Save for your down payment

When buying a home in Canada, you need to have a down payment. This down payment is deducted from the purchase price and your mortgage covers the outstanding balance. How much of a down payment you require depends on the purchase price of the home.

  • $500,000 or less - 5% of the purchase price required
  • $500,000 to $999,999 - 5% of the purchase price for the first $500,000 and 10% for the portion above $500,000
  • $1,000,000 or more - 20% of the purchase price required

If your down payment is less than 20% of the purchase price, you must get mortgage loan insurance. This additional insurance costs 0.6% to 4.5% of the amount of your mortgage and can be paid as a lump sum or rolled into your mortgage. Unfortunately, this insurance doesn’t protect you. It’s in place to cover lenders in case you can’t make your mortgage payments.


Most people will require a mortgage when purchasing a home, so you’ll want to get your finances in order to ensure you’re offered the best rates.

Most lenders want applicants to have been full-time employees at the same company for at least two years. If you’re freelance or self-employed, lenders will want to see three years of consistent income to consider your application.


Finally, your credit score will also play a determining factor. Although every lender has different criteria, you’ll want your credit score to be in good to excellent standing. Anything less, and traditional lenders may decline your application.

Use the right account

Since you’ll be saving for a down payment, you might as well put that money in an account that can give you some additional benefits. Some accounts that are an ideal place to put your down payment include:

  • Tax-Free Savings Account (TFSA): You get no tax deduction for contributions, but all interest and capital gains earned are tax-free when withdrawn.
  • Registered Retirement Savings Plan (RRSP): Contributions to your RRSP are tax-deductible. As long as the funds have been in your account for at least 90 days, you can withdraw up to $35,000 as part of the Home Buyer’s Plan. The funds withdrawn must be repaid over 15 years.
  • Tax-Free First Home Savings Account (FHSA): Coming in 2023, the FHSA allows you to contribute up to $40,000 toward your first home. Contributions are tax-deductible and withdrawals are tax-free. The funds withdrawn do not need to be paid back.

There’s also the First-Time Home Buyer Incentive (FHBI), where the government provides you with an additional 5% or 10% of your home's purchase price. Since your down payment would be higher, your monthly payments would be lower. That said, you’d be sharing equity with the government, so you’d have to give them part of the profits when you sell.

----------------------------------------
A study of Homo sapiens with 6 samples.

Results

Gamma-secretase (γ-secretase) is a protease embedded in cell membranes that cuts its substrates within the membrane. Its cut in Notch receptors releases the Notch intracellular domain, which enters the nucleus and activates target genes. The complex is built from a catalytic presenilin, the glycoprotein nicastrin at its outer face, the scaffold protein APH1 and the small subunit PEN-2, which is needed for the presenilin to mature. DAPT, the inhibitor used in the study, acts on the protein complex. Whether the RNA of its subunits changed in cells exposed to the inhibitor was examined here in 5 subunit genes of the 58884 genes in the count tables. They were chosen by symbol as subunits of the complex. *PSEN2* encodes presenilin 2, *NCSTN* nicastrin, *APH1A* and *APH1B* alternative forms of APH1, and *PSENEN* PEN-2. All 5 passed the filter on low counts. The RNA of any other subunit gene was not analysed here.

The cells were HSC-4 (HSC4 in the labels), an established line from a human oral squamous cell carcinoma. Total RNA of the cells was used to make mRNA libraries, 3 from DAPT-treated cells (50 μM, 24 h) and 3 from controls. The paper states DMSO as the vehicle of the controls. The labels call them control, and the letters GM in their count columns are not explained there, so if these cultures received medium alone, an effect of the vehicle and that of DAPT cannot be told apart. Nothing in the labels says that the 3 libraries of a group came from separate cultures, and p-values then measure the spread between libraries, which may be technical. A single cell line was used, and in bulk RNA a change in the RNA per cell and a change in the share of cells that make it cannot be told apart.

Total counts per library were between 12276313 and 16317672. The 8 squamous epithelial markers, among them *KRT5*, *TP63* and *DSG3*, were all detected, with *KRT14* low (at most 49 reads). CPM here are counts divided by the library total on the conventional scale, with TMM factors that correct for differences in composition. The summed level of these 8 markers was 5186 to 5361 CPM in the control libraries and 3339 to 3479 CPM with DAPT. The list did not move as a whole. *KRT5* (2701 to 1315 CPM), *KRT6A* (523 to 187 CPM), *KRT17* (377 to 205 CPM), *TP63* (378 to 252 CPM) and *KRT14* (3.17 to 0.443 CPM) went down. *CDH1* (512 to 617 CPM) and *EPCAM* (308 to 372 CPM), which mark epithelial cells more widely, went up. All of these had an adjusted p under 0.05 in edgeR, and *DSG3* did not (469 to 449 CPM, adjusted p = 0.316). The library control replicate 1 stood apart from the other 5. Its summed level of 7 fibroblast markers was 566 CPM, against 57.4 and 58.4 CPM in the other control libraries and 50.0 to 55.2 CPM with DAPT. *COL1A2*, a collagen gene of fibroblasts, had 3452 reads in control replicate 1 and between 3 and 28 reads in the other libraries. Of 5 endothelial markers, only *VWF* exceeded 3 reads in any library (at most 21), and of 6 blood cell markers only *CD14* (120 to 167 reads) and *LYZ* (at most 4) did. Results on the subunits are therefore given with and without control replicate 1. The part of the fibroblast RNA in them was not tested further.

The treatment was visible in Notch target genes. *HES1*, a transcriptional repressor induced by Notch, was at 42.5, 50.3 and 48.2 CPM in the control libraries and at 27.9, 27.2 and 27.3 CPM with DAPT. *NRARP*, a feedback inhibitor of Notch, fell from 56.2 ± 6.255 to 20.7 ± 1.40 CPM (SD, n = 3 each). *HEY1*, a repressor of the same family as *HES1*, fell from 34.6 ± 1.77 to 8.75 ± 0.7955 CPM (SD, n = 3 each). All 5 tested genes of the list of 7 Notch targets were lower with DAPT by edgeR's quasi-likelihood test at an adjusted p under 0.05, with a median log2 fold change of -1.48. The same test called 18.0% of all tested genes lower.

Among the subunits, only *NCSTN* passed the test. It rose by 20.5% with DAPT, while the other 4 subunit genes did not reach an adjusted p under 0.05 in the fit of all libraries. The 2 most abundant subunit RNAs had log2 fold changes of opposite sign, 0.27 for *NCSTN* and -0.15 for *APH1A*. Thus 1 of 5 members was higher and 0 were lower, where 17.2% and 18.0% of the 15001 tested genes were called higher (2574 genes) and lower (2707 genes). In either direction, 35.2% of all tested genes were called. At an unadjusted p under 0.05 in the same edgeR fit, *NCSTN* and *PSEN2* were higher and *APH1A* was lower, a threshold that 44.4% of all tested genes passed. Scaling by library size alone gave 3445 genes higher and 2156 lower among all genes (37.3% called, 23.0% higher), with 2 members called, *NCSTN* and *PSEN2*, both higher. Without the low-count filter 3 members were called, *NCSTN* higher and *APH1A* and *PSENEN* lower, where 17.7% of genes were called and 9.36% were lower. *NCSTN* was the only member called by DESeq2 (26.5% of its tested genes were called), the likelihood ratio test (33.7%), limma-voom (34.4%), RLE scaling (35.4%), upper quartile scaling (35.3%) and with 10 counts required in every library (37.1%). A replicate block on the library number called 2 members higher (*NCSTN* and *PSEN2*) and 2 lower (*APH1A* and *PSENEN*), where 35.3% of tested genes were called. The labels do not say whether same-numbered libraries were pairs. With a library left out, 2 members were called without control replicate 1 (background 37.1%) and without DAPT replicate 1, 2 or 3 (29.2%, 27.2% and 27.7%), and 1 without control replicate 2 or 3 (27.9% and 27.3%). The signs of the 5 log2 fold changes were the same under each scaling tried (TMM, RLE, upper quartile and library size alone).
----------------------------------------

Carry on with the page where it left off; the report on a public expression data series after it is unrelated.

You may also qualify for the First-Time Home Buyers’ Tax Credit. Currently, this non-refundable tax credit can give you up to $750 in tax relief. In the recent federal budget, the government announced that the credit would be doubled to up to $1,500. That said, this credit only applies if you owe taxes.


Most lenders have an online mortgage pre-qualification calculator that will give you the maximum home price you can afford. This number is based on your income, down payment, and estimated mortgage rates. While this is a nice reference, it’s not a formal offer.

If you’re ready to start looking, you may want to get a mortgage pre-approval. With this process, if approved, you’d be getting a promise of how much you’d be approved for and at what interest rates. This essentially ensures that you’ll have the financing in place so you can feel more confident when making an offer.

Since every lender has different rates and terms with their mortgages, it pays to shop around. Better yet, you may want to enlist the services of a mortgage broker. They can check the rates with multiple lenders on your behalf, without having to do multiple applications.

Start searching for a home

Now that you’ve got your down payment and financing in place, you can start looking for a home. While it’s easy to just start searching online for properties of interest, there are a few tips you may want to follow:

  • Enlist the services of a real estate agent who is familiar with the neighbourhoods you’re interested in. Look for someone experienced who does this job full time. If you’re not sure where to find a good agent, ask friends or family for a referral.
  • Create a needs and wants list. It’s unlikely that you’ll ever find a home that checks all your boxes, but having this list will help you decide on what matters most.
  • Avoid using the entire amount that you’ve been pre-approved for. Leave room for additional costs such as furnishing your new home, moving, and closing costs.
  • Be patient. During competitive markets, you may lose out to other buyers in bidding wars. Some people get disappointed by this process and may bid more than they can afford on the next home just to secure it. Others may also put in a quick offer on a home they’re not that interested in simply to avoid missing out again.

Think about your long-term goals

Buying a home can be a stressful and, at times, overwhelming experience. Since it’ll likely be the most expensive purchase of your life, you need to think about how it’ll affect your long-term goals. Be sure to factor in other goals that you may have, such as getting married, having kids, taking vacations, and saving for retirement. The last thing you want is to be house poor.


Barry Choi

Barry Choi

MoneyWise.ca Contributor

Barry Choi is a Toronto-based personal finance and travel expert who makes frequent media appearances. When he's not educating people on how to be smarter with money, he's earning and burning miles and points for luxury travel.